Sitting is the new smoking, but not all types of sitting are made equal

A new study has bad news for those who binge watch TV.

Sitting is the new smoking, but not all types of sitting are made equal
Photo credit: Kevin Grieve on Unsplash
  • Too much sitting is horrible for you, but not all sitting is the same.
  • A new study finds even short bouts of movement during the day can dramatically reduce your risk of death.
  • While it found light exercise was able to counter some effects of sitting, it found moderate to vigorous workouts did better.

Americans have a sitting problem. A quarter of us are sedentary for eight waking hours a day, which wreaks havoc on our health. It increases our mortality rate, increases your risk of dying from pretty much everything, and leaves us less healthy than if we were to get a little more exercise in.

However, according to a new study, not all sitting is equal, and there are simple things you can do to reduce the adverse effects on your health.

You may want to take this standing up

A new study out of Columbia University, and published in the American Journal of Epidemiology, followed 7,999 volunteers over four years and examined how active they were during the day. After that, they were monitored for up to four years to see how their activity levels related to their mortality rates.

It was found that the risk of death could be cut by 17 percent by replacing a mere 30 minutes of sitting with light exercise each day. The benefit doubled when the activity was a little more intense than just walking. Interestingly, they found that these benefits did not require the subject to do all of the exercising at once. Reaching a half hour through short bursts throughout the day was equally effective.

Lead author Dr. Keith Diaz summarized the findings:

"Our findings underscore an important public health message that physical activity of any intensity provides health benefits. If you have a job or lifestyle that involves a lot of sitting, you can lower your risk of early death by moving more often, for as long as you want and as your ability allows — whether that means taking an hour-long high-intensity spin class or choosing lower-intensity activities, like walking."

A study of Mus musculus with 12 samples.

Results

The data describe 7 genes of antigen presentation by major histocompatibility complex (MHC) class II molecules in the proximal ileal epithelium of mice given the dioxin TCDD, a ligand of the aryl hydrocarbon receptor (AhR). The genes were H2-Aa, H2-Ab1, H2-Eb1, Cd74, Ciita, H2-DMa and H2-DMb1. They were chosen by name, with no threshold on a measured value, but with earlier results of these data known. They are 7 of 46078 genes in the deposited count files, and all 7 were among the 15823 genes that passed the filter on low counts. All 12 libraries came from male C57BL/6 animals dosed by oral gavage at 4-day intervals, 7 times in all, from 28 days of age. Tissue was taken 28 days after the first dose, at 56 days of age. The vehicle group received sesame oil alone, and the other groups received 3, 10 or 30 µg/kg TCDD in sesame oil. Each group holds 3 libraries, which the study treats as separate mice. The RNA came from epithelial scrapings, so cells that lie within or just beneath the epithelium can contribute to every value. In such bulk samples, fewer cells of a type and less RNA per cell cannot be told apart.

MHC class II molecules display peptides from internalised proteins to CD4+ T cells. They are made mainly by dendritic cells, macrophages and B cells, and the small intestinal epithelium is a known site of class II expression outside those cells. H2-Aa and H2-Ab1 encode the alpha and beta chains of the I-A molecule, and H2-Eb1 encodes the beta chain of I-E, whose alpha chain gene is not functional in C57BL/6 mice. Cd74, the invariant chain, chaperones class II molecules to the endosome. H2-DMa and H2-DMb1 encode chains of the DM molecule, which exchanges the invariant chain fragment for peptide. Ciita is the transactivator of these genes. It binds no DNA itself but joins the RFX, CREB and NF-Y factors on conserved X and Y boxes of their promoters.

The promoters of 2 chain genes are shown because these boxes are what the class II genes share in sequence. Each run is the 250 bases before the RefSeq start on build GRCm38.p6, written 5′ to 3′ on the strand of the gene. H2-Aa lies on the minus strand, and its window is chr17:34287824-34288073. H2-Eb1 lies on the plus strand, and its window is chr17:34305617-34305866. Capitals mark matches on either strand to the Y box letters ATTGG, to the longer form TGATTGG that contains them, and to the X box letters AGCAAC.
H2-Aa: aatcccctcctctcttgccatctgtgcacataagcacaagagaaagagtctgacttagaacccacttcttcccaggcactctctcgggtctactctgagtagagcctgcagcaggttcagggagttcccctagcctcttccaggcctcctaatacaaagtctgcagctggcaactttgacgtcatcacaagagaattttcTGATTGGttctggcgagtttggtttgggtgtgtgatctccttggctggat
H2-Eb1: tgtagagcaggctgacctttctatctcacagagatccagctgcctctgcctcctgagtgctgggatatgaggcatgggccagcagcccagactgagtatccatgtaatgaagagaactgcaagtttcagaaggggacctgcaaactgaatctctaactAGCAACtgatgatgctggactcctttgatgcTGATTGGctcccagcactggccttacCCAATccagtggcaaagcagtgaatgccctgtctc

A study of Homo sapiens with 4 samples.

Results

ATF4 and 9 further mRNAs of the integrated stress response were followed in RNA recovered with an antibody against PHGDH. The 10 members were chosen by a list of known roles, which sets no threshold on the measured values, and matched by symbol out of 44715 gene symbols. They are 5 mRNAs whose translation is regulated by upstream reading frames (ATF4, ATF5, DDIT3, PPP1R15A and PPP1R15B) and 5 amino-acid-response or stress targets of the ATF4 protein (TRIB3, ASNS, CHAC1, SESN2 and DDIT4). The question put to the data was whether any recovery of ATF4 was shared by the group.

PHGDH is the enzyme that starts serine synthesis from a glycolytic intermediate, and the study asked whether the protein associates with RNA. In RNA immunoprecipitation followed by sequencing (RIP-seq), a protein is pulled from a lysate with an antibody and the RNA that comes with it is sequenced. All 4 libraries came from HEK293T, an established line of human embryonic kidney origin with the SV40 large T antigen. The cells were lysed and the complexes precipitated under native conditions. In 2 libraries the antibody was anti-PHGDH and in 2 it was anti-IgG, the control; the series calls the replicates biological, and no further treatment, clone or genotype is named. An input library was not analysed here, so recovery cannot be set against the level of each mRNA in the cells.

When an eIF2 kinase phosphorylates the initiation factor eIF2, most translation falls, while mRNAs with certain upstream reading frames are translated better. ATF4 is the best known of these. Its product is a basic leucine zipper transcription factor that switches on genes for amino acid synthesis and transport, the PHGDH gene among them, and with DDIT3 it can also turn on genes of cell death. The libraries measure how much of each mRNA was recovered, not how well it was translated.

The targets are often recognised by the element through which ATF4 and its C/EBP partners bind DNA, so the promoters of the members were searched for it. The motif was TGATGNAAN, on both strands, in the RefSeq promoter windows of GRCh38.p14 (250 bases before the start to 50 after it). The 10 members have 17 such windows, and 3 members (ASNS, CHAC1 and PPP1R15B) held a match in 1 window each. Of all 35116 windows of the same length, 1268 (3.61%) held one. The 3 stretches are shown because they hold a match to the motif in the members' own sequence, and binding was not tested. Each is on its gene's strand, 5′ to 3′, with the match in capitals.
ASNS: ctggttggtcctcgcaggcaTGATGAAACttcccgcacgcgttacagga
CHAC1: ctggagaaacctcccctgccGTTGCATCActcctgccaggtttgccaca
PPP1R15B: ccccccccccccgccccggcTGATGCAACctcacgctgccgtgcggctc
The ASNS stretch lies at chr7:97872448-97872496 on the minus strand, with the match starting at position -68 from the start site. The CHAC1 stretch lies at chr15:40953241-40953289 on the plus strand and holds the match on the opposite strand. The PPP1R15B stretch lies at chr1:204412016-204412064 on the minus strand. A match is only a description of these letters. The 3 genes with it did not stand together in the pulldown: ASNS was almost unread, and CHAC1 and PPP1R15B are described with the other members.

So, what should I do?

The first answer is that you should sit less. The most significant drops in mortality rates were seen when people spent at least 30 minutes a day on moderate exercise, such as brisk walking, gardening, swimming, or even housework. While you should be getting more than a half hours' worth each day, this is an excellent place to start.

Failing that, you should find ways to work small bouts of light exercise into your day. Even little walks to the coffee machine or a quick stretch every half hour can help. Two minutes of exercise every half hour works out to around 30 minutes of it over an eight-hour workday, an amount that will do you good.

This finding means that different kinds of seated activities can be worse for your health than others. Sitting at your desk at work is often punctuated by these small bits of movement even if you don't plan on them. Vegging out on the sofa watching six hours of television is rarely marked by these short bouts of exercise, excepting when you need to get up to get more snacks — or use the bathroom.

Again, the real takeaway from all of this is that you should get more exercise. The Mayo Clinic says that 30 minutes of moderate exercise is the least you can do and that generally aiming for more is better.

Sitting may be the new smoking, but there is no reason why your desk job should kill you. The findings of this study, while confirming the risks posed by an inactive lifestyle, demonstrate that there are simple ways to correct for inactivity that you can do right now.

Now that I'm done writing this, I think I'll go for a walk. If you've been reading it, I advise you to do the same.